Beginners’ Guide to E-Cigs

By Lindsay Fox Posted March 6, 2013

Beginners’ Guide to E-CigsE-cigarettes are a relatively new technology, and many users are unsure of exactly how an e-cig works. You might have no idea what a cartomizer is, what you would do with e-liquid or even how the e-cigarette makes vapor in the first place. Finding out the answers to the basic questions regarding e-cigs gives you an idea of how the technology works, why it has a reputation of being so safe and why you’re allowed to use them in most non-smoking areas. Welcome to the world of vaping.

 

How do e-cigs work?

 

E-cigarettes have three important components, the battery, the atomizer and the cartridge. The battery is usually lithium ion, and its main role is to drive the atomizer, which is essentially a small heater. The atomizer, when activated, heats the liquid contained within the cartridge to transform it into a vapor, which is then inhaled by the user. Batteries can either be activated manually (by holding down a button) or automatically (when you inhale from the e-cig). Most e-cigs on the market today have a two-piece construction, which basically means that the atomizer and cartridge are contained within one unit, sometimes known as the cartomizer.

 

What’s inside the e-liquid?

 

One of the most commonly cited reasons that electronic cigarettes could be harmful is that “nobody knows what’s inside them.” This is completely untrue, because whilst the specific ingredients may differ (depending on the flavor of the liquid), they contain propylene or vegetable glycol, water, FDA-approved food flavorings and pharmaceutical-grade nicotine. Reports have also detected trace amounts of tobacco-specific nitrosamines, but these are in exponentially (up to 1,400 times) smaller quantities than you’d find in a tobacco cigarette. The food flavorings are used to add some variety to the taste of the cartridges. Cartridges are usually sold pre-filled with a disposable atomizer, but you can also buy empty cartridges and e-liquid (the nicotine solution) to fill them up with yourself.

 

SEE ALSO: Typical vapor content of electronic cigarettes

 

Vaping is not smoking

 

You can use electronic cigarettes in most smoking areas because the process of turning the e-liquid into vapor is not the same as when tobacco is burned. Smoke requires combustion – or burning – in order to be produced. When a liquid is heated and turns into a gas, it’s vaporized, and therefore made into vapor, not smoke. In the same way as boiling water doesn’t produce smoke, neither do e-cigarettes. This means you can use them in most non smoking areas, and it also means that they don’t pose a risk to bystanders. The main thing given off is water vapor, propylene glycol and vegetable glycerin, with tiny, trace amounts of the other ingredients – far too little to cause any harm.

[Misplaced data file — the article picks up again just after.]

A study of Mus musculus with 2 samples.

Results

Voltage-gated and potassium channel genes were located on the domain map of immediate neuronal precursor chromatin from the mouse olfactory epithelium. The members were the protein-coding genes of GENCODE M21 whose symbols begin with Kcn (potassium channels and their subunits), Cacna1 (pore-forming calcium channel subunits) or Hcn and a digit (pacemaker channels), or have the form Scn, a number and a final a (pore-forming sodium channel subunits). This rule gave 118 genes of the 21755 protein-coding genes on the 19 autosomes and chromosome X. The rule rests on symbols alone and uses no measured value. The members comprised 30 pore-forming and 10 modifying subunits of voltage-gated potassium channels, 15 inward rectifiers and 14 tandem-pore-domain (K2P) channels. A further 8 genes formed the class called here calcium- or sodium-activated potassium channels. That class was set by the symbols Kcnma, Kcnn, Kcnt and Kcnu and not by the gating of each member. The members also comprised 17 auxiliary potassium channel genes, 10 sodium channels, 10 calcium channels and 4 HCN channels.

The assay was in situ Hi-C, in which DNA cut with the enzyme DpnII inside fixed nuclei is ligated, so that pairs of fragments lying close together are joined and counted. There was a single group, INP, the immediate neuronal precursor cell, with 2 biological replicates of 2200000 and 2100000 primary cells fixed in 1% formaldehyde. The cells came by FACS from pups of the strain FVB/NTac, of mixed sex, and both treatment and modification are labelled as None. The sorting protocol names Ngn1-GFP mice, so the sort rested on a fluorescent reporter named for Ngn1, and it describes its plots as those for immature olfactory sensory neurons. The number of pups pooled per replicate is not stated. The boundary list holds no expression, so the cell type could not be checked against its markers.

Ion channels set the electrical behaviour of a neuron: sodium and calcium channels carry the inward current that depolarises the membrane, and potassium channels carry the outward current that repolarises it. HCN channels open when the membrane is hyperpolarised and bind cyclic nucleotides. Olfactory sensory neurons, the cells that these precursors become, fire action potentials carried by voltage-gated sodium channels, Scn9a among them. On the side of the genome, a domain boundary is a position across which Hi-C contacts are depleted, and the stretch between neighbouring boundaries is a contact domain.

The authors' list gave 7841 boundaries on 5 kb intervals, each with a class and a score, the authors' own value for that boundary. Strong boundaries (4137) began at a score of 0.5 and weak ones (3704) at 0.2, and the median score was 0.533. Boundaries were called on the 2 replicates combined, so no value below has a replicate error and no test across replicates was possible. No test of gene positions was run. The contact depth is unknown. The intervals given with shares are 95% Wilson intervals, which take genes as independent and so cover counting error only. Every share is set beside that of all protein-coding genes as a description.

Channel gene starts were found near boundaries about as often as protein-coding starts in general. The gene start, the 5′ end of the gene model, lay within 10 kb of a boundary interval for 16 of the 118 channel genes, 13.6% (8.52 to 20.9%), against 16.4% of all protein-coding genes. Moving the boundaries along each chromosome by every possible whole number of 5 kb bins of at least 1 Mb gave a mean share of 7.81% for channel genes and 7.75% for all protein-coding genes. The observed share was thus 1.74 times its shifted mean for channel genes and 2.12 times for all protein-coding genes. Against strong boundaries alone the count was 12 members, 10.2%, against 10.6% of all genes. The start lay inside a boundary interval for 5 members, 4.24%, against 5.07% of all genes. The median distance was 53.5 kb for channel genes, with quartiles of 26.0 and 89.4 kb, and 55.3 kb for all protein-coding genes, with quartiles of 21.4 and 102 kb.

SEE ALSO: Vaping is not the same as smoking

 

Are e-cigs safe?

 

Although research is still ongoing, it’s safe to say that e-cigs are much safer than smoking tobacco. The reasons for this are simple. There are over 5,000 chemicals present in cigarette smoke, but only a handful in e-cigarette vapor. E-cigarettes don’t contain tar, carbon monoxide or the army of carcinogens you’ll find in a tobacco cigarette. It’s important to note that more studies need to be conducted on the long-term effects, but the researched to-date has largely confirmed the logical conclusion that they are safe, especially when compared to tobacco cigarettes.

 

SEE ALSO: Electronic cigarettes are not a public health hazard

 

 


    I keep hearing that “The main thing given off is water vapor”. Can someone tell me how on earth you get water vapor by heating glycerin and propylene glycol??? That misinformation actually can serve as a fuel for the naysayers on the other side. Not cool.

    • While it appears to be no different than fog, the vapor of an electronic cigarette contains more than just water. Technically speaking, water vapor, or steam, itself is actually invisible; the substance you see when water boils is actually considered mist. Thanks for pointing that out Zoltán. I’ll have this article updated.

    • I’ve updated the article to add propylene glycol and vegetable glycerin as two of the other ingredients. Thanks for the feedback.